The bull orca featured in the 2013 documentary “Blackfish” has died, SeaWorld announced Friday.
Tilikum, who was also known as Tilly, died early Friday after suffering “some very serious and chronic health issues he was not able to recover from,” the Orlando, Florida, park said in a statement. Tilly was believed to be around 36 years old.
An official cause of death will not be known until a necropsy is complete, but SeaWorld veterinarians had been treating him for an ongoing lung infection.
“Tilikum had, and will continue to have, a special place in the hearts of the SeaWorld family, as well as the millions of people all over the world that he inspired,” SeaWorld president and CEO Joel Manby said. “My heart goes out to our team who cared for him like family.”
The killer whale was captured, not by SeaWorld, in 1983 near Reykjavík, Iceland, and resided in British Columbia’s defunct Sealand of the Pacific. He was moved to SeaWorld Orlando in 1991.
There are 22 orcas remaining at SeaWorlds in Orlando, San Antonio and San Diego. “The rest of the whale group is doing well and are behaving normally,” the park said, adding that “it is not uncommon.”
'BLACKFISH' & CAPTIVITY CONTROVERSY
Tilikum was the central focus of Gabriela Cowperthwaite’s 2013 documentary, “Blackfish,” which shed light on the debate over killer whales in captivity.
The orca was involved in the death of three people during his years in captivity. The first was 21-year-old marine biology student and competitive swimmer Keltie Byrne, who fell into a pool housing Tilikum and two other orcas at Sealand in 1991. The three whales kept her from surfacing, and Byrne drowned while other trainers and park visitors watched.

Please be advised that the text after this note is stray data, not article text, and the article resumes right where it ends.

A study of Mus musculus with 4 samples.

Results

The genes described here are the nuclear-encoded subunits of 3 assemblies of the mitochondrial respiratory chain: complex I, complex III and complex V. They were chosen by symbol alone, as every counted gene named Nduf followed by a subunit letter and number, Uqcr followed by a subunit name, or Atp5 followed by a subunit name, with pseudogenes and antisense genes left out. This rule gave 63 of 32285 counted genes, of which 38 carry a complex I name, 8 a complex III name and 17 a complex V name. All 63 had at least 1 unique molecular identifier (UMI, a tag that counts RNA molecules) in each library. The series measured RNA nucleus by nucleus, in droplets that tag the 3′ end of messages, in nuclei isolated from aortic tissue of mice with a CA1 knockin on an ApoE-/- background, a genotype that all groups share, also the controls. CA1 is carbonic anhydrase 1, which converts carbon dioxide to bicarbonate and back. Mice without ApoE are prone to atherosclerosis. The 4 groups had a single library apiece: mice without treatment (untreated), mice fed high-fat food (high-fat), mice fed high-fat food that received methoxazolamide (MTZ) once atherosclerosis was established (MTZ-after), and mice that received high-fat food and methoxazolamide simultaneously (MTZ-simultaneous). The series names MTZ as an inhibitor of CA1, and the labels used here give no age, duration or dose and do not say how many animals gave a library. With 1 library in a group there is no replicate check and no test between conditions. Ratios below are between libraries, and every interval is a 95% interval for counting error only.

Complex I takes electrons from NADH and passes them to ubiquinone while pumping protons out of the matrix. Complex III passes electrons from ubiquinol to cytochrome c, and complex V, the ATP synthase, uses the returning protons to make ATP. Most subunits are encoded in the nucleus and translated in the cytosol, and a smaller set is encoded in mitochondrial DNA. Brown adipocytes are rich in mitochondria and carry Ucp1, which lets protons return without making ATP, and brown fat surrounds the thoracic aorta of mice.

The second death occurred in 1999, when Daniel P. Dukes, 27, was found dead on Tilikum’s back. He had hid in SeaWorld after it closed the previous day and entered the whale tank. His cause of death was drowning, and he had various wounds all over his body.
In 2010, Tilikum killed his 40-year-old trainer, Dawn Brancheau, who had just finished a “Dine with Shamu” show with him. She was pulled into the water and died by drowning and blunt-force trauma.
“Tilikum’s life will always be inextricably connected with the loss of our dear friend and colleague, Dawn Brancheau,” SeaWorld said. “While we all experienced profound sadness about that loss, we continued to offer Tilikum the best care possible, each and every day, from the country’s leading experts in marine mammals.”